Oral Testimony at US Congressional Hearing: “A Tangle of Trade Barriers: How India’s Industrial Policy is Hurting U.S. Companies.”
Good morning. My name is Rohit Malpani and I am the Director of Policy and Analysis at Doctors Without Borders, or Médecins Sans Frontières. MSF is an international medical humanitarian organization which provides impartial medical assistance to those affected by armed conflict, epidemics, exclusion from health care, or natural disasters. Today, MSF carries out this work in more than 70 countries worldwide, while raising awareness on neglected crises and advocating for improved medical tools and protocols.
MSF has been invited to provide testimony on India’s intellectual property laws. As a medical treatment provider, MSF is able to speak about the relationship between intellectual property rules and access to medicines, and about the role India has played in enabling millions access to life-saving medicines.
In 2001, MSF faced what seemed like insurmountable barriers in meeting critical health needs and saving the lives of our patients. In particular, we faced an astronomical 10,000-dollar per-person per-year price-tag for life-saving HIV medicines which barred treatment for millions and prevented us from being able to reach more than a very limited number of patients.
But a solution was found in India. The country, free from having to grant patents on medicines until 2005, was able to manufacture low-cost, quality generic medicines for a fraction of the existing price. Literally overnight, the cost to treat someone with HIV fell by over 96 percent, to 360 dollars per person per year. Generic competition has seen the cost fall even further.
As a result, more than nine million people worldwide now receive treatment for HIV, many of those from PEPFAR-funded programs. India’s role in this treatment scale up has been – and continues to be – a critical one. As the ‘pharmacy to the developing world’, and the biggest source of quality generic medicines, governments and donors such as the United States rely heavily on Indian generic medicines. 98 percent of the medicines used in American-taxpayer funded treatment programs rely on low-cost generic medicines manufactured in India.
Today, India is a full member of the World Trade Organization, providing patent protection for medicines. Between 2005 and 2008, India granted over 2000 patents for medicines, and continues to grant patents today. These patents delay generic competition, which keep costs high and places an enormous burden on treatment providers such as MSF, Ministries of Health in low-income countries and donor governments, including the US.
While India does reward genuine innovation with 20 year patents, it manages to strike a balance between providing intellectual property protection and having the flexibility to protect public health. This balance is possible as both the TRIPS Agreement and the 2001 WTO Doha Declaration on TRIPS and Public Health enshrines the right of WTO members to implement safeguards and flexibilities.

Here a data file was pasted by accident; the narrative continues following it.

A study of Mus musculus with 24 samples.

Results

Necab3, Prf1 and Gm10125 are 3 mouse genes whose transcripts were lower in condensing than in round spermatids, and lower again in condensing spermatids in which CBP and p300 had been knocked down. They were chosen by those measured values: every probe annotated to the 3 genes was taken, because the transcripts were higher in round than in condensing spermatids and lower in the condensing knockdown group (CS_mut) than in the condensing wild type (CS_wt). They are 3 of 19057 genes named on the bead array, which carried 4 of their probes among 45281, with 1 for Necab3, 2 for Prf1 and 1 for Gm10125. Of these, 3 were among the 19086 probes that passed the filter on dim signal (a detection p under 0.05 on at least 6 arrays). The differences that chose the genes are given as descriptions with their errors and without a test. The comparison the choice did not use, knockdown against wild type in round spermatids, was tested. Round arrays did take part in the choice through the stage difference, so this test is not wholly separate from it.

One safeguard under TRIPS is the right of governments to define strict patentability criteria. Governments have the right to define ‘scope of patentability’ in a way that addresses the needs of their own citizens, as long as they abide by international agreements. The US recently contributed to its own definition when the Supreme Court reaffirmed strict patentability criteria for gene patents.
India has adopted a standard of pharmaceutical patenting that is stricter than that in the U.S. or the EU, but which is in line with international trade rules. In rejecting one patent application by Novartis on a salt form of an already known substance, the Indian Supreme Court was legally validating a choice by the Indian government that patents should only be granted when those products represent a genuine advance over older versions of medicines.
By contrast, the US has decided to approve secondary patents for very obvious modifications of existing medicines which often delays generic competition and keeps prices high. This is a practice commonly called ever-greening by which the pharmaceutical industry extend their monopoly on drugs beyond the original patent’s 20 years. Allowing companies to extend patent protection and keep prices high is expensive for U.S. consumers and the U.S. government.
A second legally recognized safeguard to overcome barriers of affordable access is the right to issue compulsory licenses. The U.S. government used compulsory licenses for medicines in the past to meet public health needs, and stated that it would look to use them in the future if necessary.
In India, a compulsory license was granted in the interest of public health when the country was faced with a price-tag for a cancer drug which kept it out of reach of 98 percent of those eligible for treatment. Granting the compulsory license reduced the price by 97 percent, whilst recognizing the innovation behind the drug through the payment of a 7 percent royalty.
The U.S. government continues to make adjustments to its patent system to achieve a better balance between rewarding innovation and providing for public health needs. It should allow other governments, like India, to do the same. The measures taken by the Indian government do not undermine innovation, but rather curtail the worst excesses of the patent system and ensure that companies focus their energies on scientific, and not legal, innovation.
Governments around the world and US assistance programs are straining under high costs for new medicines. In times of economic austerity, we should remember that high medicine prices are an issue of life and death for millions of people. Ensuring that balanced innovation systems make these medicines available to those who need them most is imperative.
Thank you again for the opportunity to provide testimony on this important topic.